Photo: Maersk Inspirer rig on Yme field; Source: Repsol

Repsol lifts 100,000 barrels from Yme field in North Sea

The first lifting of oil from the Repsol-operated Yme field located in the North Sea off Norway has been completed following the field start-up in October 2021.

The Yme field is operated by Repsol with a 55 per cent interest and its partners are Lotos Exploration and Production Norge with 20 per cent working interest, OKEA with 15 per cent, and KUFPEC Norway with 10 per cent interest.

Following years of delays, the Yme field started producing in late October 2021. The Yme New Development Project consists of the engineering, procurement, construction and installation of a new wellhead module on top of existing facilities at the Yme field, the modifications and upgrading of the Maersk Inspirer mobile offshore drilling and production unit prior to installation in the field and subsequent hook-up to existing wells in and installations on the seabed offshore.

According to a statement by OKEA on Wednesday, the first lifting of oil from the Yme field was completed on 22 December.

A total volume of 100,000 barrels was lifted, of which OKEA will be allocated 15,000 barrels. Further commissioning of process systems and start-up of additional wells will continue over the next weeks which will enable ramp-up of production over the coming months as the process plant is tuned and optimised.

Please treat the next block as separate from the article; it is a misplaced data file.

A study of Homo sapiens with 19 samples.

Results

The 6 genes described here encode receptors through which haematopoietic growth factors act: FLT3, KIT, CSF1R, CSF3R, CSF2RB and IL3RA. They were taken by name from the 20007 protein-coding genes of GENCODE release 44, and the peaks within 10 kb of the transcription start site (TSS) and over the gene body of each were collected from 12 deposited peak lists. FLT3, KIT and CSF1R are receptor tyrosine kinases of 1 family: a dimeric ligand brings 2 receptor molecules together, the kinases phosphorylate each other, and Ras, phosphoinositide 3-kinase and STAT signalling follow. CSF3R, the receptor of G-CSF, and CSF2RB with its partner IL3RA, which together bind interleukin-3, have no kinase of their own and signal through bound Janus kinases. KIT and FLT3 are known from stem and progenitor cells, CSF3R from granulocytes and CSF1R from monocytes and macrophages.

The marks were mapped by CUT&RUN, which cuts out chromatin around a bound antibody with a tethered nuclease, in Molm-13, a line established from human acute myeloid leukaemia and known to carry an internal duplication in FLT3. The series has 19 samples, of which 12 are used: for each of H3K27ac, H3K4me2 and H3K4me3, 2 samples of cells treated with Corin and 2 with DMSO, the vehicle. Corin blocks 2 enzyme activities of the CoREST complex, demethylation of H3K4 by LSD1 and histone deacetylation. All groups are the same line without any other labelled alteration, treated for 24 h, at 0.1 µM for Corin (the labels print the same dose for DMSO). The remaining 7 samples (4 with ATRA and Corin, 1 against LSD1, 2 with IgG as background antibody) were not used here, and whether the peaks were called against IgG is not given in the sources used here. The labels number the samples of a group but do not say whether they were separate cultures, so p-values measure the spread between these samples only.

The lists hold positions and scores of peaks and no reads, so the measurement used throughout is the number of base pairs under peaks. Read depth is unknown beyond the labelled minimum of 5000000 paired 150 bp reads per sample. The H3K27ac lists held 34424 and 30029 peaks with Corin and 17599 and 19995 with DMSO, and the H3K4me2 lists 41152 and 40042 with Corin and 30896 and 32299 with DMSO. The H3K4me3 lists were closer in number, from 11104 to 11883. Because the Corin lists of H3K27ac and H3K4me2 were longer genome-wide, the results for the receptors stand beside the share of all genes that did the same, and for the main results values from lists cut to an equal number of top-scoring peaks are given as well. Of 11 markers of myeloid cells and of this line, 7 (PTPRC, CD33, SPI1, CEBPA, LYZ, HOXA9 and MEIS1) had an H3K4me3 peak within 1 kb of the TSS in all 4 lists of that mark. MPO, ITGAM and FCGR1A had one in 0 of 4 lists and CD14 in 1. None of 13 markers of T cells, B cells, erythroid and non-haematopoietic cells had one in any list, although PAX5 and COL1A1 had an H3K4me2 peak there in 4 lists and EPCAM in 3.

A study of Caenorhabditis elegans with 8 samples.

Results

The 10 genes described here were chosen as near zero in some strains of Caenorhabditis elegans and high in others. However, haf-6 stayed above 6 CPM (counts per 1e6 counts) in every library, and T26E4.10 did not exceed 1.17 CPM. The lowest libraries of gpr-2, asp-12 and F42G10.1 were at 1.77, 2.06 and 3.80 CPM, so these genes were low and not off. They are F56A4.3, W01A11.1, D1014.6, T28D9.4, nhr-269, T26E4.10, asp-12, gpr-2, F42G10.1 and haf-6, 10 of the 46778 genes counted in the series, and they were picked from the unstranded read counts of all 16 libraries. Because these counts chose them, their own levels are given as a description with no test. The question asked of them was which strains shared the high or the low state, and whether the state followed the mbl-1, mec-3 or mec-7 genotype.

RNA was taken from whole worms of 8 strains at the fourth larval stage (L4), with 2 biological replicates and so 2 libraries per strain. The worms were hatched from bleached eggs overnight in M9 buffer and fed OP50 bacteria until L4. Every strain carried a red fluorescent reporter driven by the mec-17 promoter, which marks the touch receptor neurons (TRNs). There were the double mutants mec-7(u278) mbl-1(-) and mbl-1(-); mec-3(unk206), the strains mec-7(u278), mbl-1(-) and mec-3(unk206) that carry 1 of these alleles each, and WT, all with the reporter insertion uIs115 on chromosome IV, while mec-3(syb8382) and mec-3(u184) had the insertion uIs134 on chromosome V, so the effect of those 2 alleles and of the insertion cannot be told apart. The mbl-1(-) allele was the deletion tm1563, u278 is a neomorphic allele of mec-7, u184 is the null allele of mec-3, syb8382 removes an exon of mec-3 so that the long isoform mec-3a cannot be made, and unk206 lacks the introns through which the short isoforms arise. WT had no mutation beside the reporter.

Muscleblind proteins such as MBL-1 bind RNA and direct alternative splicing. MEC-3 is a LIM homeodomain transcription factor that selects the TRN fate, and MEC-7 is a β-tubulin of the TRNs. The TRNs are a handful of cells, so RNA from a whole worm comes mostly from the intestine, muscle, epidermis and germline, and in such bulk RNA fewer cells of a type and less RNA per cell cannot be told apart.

The expected recoverable reserves in Yme are estimated at approximately 10 million standard cubic meters of oil (approx. 63 million barrels of oil equivalent). At plateau, the field will produce around 56,000 bbl/d per day.

OKEA also lifted 632,000 barrels of oil was lifted from the Draugen field in October and expects to lift 200,000 barrels of oil from the Ivar Aasen field in December. The next lift to OKEA from Gjøa is expected to be 155,000 barrels of oil in early January.

The company’s production guiding for 2021 of 15,500-16,500 boepd remains unchanged.